Financial Times tests an AI chatbot trained on decades of its own articles

Key Points:

  • Financial Times introduces a new generative AI chatbot called Ask FT
  • Ask FT provides curated natural language answers based on decades of published information
  • Ask FT is currently available to a few hundred paid subscribers in the FT Professional tier


The Financial Times has introduced a new generative AI chatbot called Ask FT, designed to provide subscribers with curated natural language answers to a wide range of questions using decades of published information. This tool, akin to other generalized AI bots like ChatGPT and Copilot, draws on the outlet’s extensive archives to offer reliable responses. While the chatbot is currently available exclusively to a limited number of paid subscribers in the FT Professional tier aimed at business professionals and institutions, the outlet plans to keep refining its functionality.


Ask FT is powered by Claude, a large language model developed by Anthropic, although the technology used may evolve over time based on performance. The chatbot covers a spectrum of inquiries, from current events like Intel’s government funding under the CHIPS Act to more comprehensive topics such as the impact of cryptocurrency on the environment. It delves into the FT’s archives for detailed responses and provides citations for the referenced information.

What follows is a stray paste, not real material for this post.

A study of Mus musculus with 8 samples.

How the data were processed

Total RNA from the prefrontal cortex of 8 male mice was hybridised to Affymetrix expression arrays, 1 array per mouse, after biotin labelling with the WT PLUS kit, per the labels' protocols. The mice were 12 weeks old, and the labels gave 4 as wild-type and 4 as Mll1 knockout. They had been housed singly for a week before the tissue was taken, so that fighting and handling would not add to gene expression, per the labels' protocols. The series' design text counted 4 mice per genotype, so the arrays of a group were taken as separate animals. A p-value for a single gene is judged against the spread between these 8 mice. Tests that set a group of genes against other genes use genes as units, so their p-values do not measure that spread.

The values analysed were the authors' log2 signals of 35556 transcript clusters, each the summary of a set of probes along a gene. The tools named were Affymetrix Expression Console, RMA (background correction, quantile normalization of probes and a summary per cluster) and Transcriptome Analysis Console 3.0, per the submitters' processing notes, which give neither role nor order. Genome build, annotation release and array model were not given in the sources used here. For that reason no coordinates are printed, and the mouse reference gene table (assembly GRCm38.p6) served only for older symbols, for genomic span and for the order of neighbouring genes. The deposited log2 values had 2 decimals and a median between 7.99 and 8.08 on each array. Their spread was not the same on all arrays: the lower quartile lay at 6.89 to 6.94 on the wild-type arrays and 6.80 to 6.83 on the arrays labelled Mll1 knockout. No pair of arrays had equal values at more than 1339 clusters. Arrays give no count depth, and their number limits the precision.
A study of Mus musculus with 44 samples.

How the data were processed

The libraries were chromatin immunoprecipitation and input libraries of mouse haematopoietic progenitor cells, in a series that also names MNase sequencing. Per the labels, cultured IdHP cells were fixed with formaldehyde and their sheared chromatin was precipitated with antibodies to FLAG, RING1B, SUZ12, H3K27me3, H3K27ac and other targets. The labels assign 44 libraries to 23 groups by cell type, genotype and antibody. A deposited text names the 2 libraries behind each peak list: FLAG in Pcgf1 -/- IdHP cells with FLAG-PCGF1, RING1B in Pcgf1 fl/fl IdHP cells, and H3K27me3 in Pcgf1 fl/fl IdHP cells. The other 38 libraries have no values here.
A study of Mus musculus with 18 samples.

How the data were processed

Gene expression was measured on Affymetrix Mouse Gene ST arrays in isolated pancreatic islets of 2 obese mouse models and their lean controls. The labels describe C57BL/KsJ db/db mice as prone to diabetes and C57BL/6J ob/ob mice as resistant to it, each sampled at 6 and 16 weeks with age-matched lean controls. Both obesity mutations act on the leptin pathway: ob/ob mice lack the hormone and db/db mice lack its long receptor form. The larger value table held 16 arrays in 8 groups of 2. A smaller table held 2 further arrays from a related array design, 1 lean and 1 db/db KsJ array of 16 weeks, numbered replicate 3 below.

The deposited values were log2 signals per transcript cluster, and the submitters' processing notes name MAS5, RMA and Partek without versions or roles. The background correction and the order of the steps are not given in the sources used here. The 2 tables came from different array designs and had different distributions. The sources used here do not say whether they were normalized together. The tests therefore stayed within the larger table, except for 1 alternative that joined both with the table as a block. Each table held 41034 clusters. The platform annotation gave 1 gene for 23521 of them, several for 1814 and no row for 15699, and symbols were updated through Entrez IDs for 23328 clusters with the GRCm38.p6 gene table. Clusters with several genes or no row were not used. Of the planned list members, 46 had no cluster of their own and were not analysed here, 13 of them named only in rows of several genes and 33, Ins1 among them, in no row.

While the tool generally offers accurate responses, some inconsistencies have been observed during testing, such as outdated data on candidates in the 2024 US presidential election. The team behind the chatbot is continuously fine-tuning its algorithms based on internal testing and user feedback, aiming to enhance accuracy and relevance.


Unlike previous AI tools deployed by other digital outlets, Ask FT appears to be more reliable and informative, delivering accurate answers to questions ranging from historical facts to recent developments. As the Financial Times refines and evaluates Ask FT further, the chatbot will remain in beta, with plans for wider availability to subscribers in the future.